Mark Casci: Dire consequence of Carillion collapse for small firms

Blue Monday proved to live up to its name with the news that we were all dreading.

A sign at a Carillion construction site in central London, as the Government said all Carillion staff should still come to work and "those already receiving their pensions will continue to receive payment", following the construction giant's collapse. PRESS ASSOCIATION

Carillion, the UK’s second largest construction company, collapsed into liquidation following a string of profit warnings and massive amounts of debt.

Right on queue spokespeople from the Government, one of the troubled firm’s best customers, to the firm itself were wheeled out on the usual platforms to talk of the huge amounts of work that were going in to rescue this fallen giant.


The Carillion call centre in Sheffield

To give some clear context, Carillion has 450 separate contracts with central Government alone. Some of these deals, most of which are valued in the millions, were signed as recently as late last year when the firm had already began its tailspin into oblivion.

Indeed, the scale of work which Whitehall has signed up Carillion to undertake was perhaps best illustrated when the Cabinet Office press office told me on Monday morning that it could not furnish me with a list of all of the deals it had done with the firm with the explanation “we don’t have that kind of thing to hand”.

Critics were quick to take aim at the Government in the wake of the collapse, and with some considerable justification.

The old adage concerning the dangers of putting all of one’s eggs in one basket rang incredibly true for this sorry tale.

The Carillion call centre in Sheffield

At a time when ministers and civil servants are helpless, distracted by Brexit, a huge amount of additional work will now have to be undertaken to unravel all of the deals Carillion has concerning the maintenance and operation of hundreds of Government buildings, schools and hospitals all over the country.

As I know only too well from my friends and colleagues employed in the civil service, this is a task they needed like a hole in the head.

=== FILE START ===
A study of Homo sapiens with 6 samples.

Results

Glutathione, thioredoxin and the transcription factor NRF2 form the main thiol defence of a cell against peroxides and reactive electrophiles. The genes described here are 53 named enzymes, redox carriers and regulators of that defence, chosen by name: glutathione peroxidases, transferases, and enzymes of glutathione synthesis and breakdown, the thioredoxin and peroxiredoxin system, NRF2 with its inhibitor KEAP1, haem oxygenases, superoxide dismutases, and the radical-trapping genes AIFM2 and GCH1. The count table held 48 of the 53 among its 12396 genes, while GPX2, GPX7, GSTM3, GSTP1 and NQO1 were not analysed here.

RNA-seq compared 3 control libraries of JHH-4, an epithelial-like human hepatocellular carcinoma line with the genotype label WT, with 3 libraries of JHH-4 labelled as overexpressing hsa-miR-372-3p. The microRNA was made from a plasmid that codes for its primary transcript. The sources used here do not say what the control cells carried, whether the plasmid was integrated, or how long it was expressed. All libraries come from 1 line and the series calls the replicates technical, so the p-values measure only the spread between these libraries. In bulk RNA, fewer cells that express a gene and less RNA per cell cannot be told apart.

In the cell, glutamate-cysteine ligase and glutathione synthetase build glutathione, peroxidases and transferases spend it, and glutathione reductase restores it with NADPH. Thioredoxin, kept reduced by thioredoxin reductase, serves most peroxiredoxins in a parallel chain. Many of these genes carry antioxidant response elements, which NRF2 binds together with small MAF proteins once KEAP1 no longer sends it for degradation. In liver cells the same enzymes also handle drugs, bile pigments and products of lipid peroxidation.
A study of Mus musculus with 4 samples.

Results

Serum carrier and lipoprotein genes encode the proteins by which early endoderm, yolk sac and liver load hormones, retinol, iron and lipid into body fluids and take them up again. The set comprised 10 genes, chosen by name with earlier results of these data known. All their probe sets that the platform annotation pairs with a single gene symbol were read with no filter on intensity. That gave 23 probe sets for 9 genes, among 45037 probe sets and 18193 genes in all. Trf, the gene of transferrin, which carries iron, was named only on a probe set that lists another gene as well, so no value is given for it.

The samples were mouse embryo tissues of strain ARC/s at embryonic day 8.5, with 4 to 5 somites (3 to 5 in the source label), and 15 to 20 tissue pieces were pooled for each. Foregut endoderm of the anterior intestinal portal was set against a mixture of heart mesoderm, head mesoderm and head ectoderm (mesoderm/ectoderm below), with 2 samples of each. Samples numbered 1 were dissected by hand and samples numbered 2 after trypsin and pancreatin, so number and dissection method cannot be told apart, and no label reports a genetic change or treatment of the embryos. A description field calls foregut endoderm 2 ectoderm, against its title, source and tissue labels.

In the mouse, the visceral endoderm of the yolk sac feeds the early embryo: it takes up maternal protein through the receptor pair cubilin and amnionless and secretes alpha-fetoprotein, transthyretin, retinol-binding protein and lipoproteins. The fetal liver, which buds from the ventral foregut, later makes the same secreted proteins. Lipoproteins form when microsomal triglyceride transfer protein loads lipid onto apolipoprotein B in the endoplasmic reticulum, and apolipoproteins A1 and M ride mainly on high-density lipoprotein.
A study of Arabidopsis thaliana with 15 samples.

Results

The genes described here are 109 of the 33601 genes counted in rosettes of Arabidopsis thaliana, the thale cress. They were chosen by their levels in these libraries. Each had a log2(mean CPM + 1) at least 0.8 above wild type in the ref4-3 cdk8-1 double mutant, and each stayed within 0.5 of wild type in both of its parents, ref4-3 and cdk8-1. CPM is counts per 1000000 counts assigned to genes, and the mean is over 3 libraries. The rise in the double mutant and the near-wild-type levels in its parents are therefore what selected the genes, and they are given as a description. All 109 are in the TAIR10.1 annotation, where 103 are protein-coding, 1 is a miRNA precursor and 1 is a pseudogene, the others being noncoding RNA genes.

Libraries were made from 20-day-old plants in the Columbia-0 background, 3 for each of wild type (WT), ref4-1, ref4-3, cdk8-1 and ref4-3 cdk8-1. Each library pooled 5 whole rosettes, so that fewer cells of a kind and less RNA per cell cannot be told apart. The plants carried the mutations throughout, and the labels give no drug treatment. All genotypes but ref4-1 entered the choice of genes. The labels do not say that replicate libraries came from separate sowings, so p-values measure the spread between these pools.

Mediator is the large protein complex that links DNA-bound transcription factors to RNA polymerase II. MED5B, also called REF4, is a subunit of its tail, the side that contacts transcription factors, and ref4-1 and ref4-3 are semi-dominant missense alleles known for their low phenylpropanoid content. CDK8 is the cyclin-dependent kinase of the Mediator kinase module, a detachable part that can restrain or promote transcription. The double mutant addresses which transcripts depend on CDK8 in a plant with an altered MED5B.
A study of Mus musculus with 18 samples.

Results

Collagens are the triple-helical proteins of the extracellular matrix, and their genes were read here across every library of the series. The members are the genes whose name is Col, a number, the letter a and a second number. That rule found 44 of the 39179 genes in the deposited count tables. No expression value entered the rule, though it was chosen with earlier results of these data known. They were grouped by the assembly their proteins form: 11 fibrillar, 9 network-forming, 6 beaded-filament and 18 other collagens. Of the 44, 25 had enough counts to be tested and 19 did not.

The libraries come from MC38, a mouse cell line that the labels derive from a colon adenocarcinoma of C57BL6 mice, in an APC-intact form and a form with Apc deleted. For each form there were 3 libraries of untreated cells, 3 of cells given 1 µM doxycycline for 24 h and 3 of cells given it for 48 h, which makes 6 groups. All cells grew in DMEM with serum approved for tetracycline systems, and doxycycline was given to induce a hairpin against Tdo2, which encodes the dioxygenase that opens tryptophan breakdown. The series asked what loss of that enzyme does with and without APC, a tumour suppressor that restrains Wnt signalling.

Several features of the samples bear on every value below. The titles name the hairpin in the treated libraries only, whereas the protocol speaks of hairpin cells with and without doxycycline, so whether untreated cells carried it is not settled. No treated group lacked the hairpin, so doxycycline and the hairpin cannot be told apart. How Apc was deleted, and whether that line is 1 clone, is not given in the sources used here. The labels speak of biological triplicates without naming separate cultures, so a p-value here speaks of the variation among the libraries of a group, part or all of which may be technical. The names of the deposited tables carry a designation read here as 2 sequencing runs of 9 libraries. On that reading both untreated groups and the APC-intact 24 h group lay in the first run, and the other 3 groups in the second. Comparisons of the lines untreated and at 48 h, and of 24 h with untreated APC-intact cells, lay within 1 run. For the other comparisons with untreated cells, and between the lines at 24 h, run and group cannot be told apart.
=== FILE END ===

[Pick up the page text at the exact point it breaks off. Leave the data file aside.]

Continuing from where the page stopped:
Our Government now needs to seriously up its game in terms of when it comes to the procurement of contracts, particularly in terms of ongoing management and service improvement. Across a number of areas, it does seem that government is not good at this issue.

As one analyst at City Index rather succinctly put it, “this is yet another huge embarrassment for the UK government, which appears to be moving from mishap to mishap”.

The Carillion name is attached to many of our boldest and most high-profile infrastructure projects, from HS2 to the Great Yorkshire Way.

As eye-catching and vital pieces of work for the future prosperity of our economy it is right that they should be given such attention.

However, as evidenced by the rise in the value of shares with Carillion’s main competitors, it is a virtual certainty that these contracts will be filled without too much fuss.

My real concern for the fallout concerns not only the tens of thousands of people employed directly by Carillion but the countless more in its supply chain who will now find themselves in an unenviable no man’s land.

Government and banks refused an eleventh hour bail out for Carillion, balking at the considerable financial encumbrances it had accrued.

At the very least hundreds of small firms will be in serious financial danger as a result of Carillion’s demise.

To reel off one statistic, small firms in the construction sector train two-thirds of all apprentices.

The bailing out of large institutions in the banking sector almost a decade ago has left a deep wound on the country as a whole with many deeply concerned as to its morality.

The failure of Carillion and all those who depended on it may be its latest and most tragic legacy.